Saturday, March 5, 2011

Chicken & Dumplings And The Great Debate

Photo Credit here

There seems to be a great debate in this country when it comes to Chicken and Dumplings. The basic recipe for the chicken, vegetables and broth or gravy is pretty much the same all over, but it's the dumplings that have had serious home cooks arguing for decades.

Some people swear by the rolled out and cut strips of dough that are added to a somewhat thinner broth with cooked chicken, carrots, onions, celery and  a myriad of other vegetables when it's at a rolling boil.  They turn out something like a plump "noodle" that also serves to thicken the broth a bit.  Then you have the lighter (hopefully) fluffy dumpling that is made with the same flour and fat and liquid ingredients as the noodle style dumpling, that's not rolled out and cut, but rather placed by the spoonful on top of the meat, vegetables and a usually thicker gravy as it is boiling.

Like most of the homestyle or comfort foods we enjoy, much depends on how our mothers, grandmothers, fathers, aunties or uncles prepared it. In short, the food we grew up eating. Case in point: Hubbs will never return to a particular restaurant chain because the first and only time he ate there, he ordered their chicken and dumplings, expecting the fluffy dumplings that he ate growing up (and that I've prepared all these years), and instead he received the "noodle style" dumplings. He was appalled and barely touched it. We haven't been back to this place since. (Well, not together anyway. I've been with others because I enjoy several of their offerings and I can't hold their dumpling preparation against them)

So, as I'm sure you've already guessed, the following recipe is for the chicken and dumplings with the spooned dumplings.  There are two different ways to prepare it. One is a quick version that I make 99% of the time and the other is the more traditional "from scratch" version which entails making your own chicken and stock and your dumplings from scratch instead of a biscuit mix. I can certainly post the scratch version if anyone would like it. Feel free to ask any time!

Chicken and Dumplings

  • 1 Store Bought Rotisserie Chicken, picked and shredded into bite sized chunks
  • 8 Cups Prepared Chicken Broth/Stock
  • 1/3 Cup All Purpose Flour
  • 6 Tbls Butter
  • 1Lb Bagged "Baby" Carrots, cut in half or into thirds, depending on size
  • 1Lg Yellow Onion, peeled and chopped
  • 3 Ribs Celery, sliced thickly (about 1/4 inch) on the diagonal
  • 1 Cup Frozen Peas (optional)
  • 1Tsp each, Onion Powder, Celery Salt, Dried Thyme and Dried Sage
  • Kosher Salt and Fresh Ground Black Pepper, to taste


A Double Batch of Biscuit Dough, made with your favorite boxed mix, according to directions for "drop biscuits".  I use Bisquick.


In a large heavy dutch oven, (with plenty of surface area) melt butter over med-high heat and add flour. Stir with wooden spoon or use a whisk until the butter and flour are combined thoroughly and there are no lumps.  Add a pinch of salt and a couple of grinds of pepper and whisk continuously as mixture cooks a bit to get rid of the raw flour taste. Cook to a medium golden brown color. Add the broth/stock and continue to whisk constantly, bringing it to a boil until it is completely smooth and begins to thicken slightly. Turn heat down slightly and add the chicken, vegetables and dried herbs. Let simmer until vegetables are tender.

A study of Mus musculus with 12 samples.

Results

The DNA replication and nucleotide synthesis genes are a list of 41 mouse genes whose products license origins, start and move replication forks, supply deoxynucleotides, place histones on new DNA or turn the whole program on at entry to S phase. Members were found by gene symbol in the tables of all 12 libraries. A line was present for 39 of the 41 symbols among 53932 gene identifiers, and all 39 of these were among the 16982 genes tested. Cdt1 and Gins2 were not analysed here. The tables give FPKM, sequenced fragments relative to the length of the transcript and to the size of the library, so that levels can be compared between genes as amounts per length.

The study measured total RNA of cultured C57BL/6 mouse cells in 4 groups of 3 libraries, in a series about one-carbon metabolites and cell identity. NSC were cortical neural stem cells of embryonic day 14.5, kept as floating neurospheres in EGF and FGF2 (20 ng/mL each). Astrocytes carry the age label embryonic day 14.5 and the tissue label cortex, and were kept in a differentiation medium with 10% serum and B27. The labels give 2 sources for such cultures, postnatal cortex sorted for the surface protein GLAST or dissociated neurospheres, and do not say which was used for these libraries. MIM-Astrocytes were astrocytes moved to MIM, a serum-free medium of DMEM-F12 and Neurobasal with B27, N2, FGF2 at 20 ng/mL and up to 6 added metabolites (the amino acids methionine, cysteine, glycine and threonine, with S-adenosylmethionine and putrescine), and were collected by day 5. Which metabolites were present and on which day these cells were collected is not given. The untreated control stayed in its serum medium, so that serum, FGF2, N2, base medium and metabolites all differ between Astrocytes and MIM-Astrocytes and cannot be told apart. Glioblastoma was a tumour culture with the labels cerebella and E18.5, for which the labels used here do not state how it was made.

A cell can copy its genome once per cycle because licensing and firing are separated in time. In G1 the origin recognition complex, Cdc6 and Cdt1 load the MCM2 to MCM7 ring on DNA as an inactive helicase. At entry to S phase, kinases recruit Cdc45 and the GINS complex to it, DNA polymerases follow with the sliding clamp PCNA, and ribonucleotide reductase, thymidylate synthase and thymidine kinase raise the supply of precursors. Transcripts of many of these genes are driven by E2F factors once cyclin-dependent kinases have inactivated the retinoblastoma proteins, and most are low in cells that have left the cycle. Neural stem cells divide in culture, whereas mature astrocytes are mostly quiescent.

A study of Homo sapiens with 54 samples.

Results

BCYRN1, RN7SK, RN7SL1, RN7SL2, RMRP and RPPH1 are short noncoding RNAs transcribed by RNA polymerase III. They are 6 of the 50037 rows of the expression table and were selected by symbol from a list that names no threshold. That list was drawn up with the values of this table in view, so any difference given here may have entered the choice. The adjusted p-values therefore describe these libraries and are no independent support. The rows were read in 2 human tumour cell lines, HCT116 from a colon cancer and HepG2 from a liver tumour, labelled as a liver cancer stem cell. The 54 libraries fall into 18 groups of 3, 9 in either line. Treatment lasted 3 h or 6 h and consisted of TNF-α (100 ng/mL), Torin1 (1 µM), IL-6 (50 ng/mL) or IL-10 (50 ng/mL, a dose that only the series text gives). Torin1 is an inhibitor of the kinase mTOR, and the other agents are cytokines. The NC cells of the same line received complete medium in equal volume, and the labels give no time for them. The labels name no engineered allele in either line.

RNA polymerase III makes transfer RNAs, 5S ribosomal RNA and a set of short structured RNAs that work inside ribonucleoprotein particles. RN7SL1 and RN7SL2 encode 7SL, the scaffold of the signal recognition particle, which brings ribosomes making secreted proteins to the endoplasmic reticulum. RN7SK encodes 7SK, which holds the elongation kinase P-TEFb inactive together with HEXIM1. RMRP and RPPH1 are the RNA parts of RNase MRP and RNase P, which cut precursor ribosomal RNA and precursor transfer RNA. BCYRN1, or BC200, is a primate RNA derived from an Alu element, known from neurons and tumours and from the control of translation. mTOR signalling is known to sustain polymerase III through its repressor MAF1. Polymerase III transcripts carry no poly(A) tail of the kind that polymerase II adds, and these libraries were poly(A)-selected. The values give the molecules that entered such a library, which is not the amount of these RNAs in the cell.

While the base is simmering, in a large mixing bowl  make the bisquit dough according to the package directions.  If I have any in the fridge, I'll add some fresh chopped parsley and chives or maybe a dash of onion powder and dried parsley flakes to the dough to give the dumplings a little extra zing.

Once the chicken, vegetables and gravy are ready, turn up the heat slightly and bring it to a bubbly simmer. Using a medium ice cream scoop or two serving spoons, drop the dough on top of the bubbling liquid. Keep the dumplings slightly apart, as they'll puff up quite a bit and if the pan is too crowded, they won't come out as light and fluffy. Cook uncovered for 10 minutes. Now comes the most important part. Cover the pan tightly and cook for an additional 10 minutes. Do not lift the lid during this last 10 minutes or you'll end up with what my beloved calls "sunklings".  (I'll tell that story some other time)

Serve immediately for the dumplings to be at their very best. It reheats quite well, but any left over dumplings will have soaked up some of the gravy and become a bit heavier. We don't usually have any of the dumplings left over around here anyway!  If I have a good amount left the following day I'll often add more stock to the left over base and just bring it all to a bubbling simmer again and make a fresh batch of dumplings. Or you can freeze the leftover base for another time to use for Chicken and Dumplings or even Chicken Pot Pies.

Serve with a crisp tossed green salad or another vegetable of your choice. You can add peeled and cubed potatoes to the chicken and vegetable mixture as well, but hubs and I don't care for them in our Chicken and Dumplings. (we also don't "do" peas)

Serves 4-6


  1. Oh Mrs. B! I am so glad you are back! I love love love the blog! Oh, it is so wonderful! And I love chicken and dumplings with the big 'ol dumplings rather than the string dumplings.

    And I don't like peas, either.

    Yeah! Can't wait to see more!


  2. It's good to be "back", Sue! I'm so glad you stopped in and thank you for being my very first follower here in my new home!!! It feels like Christmas morning!

    So... You don't like peas either? I knew we had a ton of things in common! Hope you're having a marvelous Sunday!

    XOXO Mrs B

  3. I have to say I call the fluffy ones dumplings and the thin rolled out ones noodles.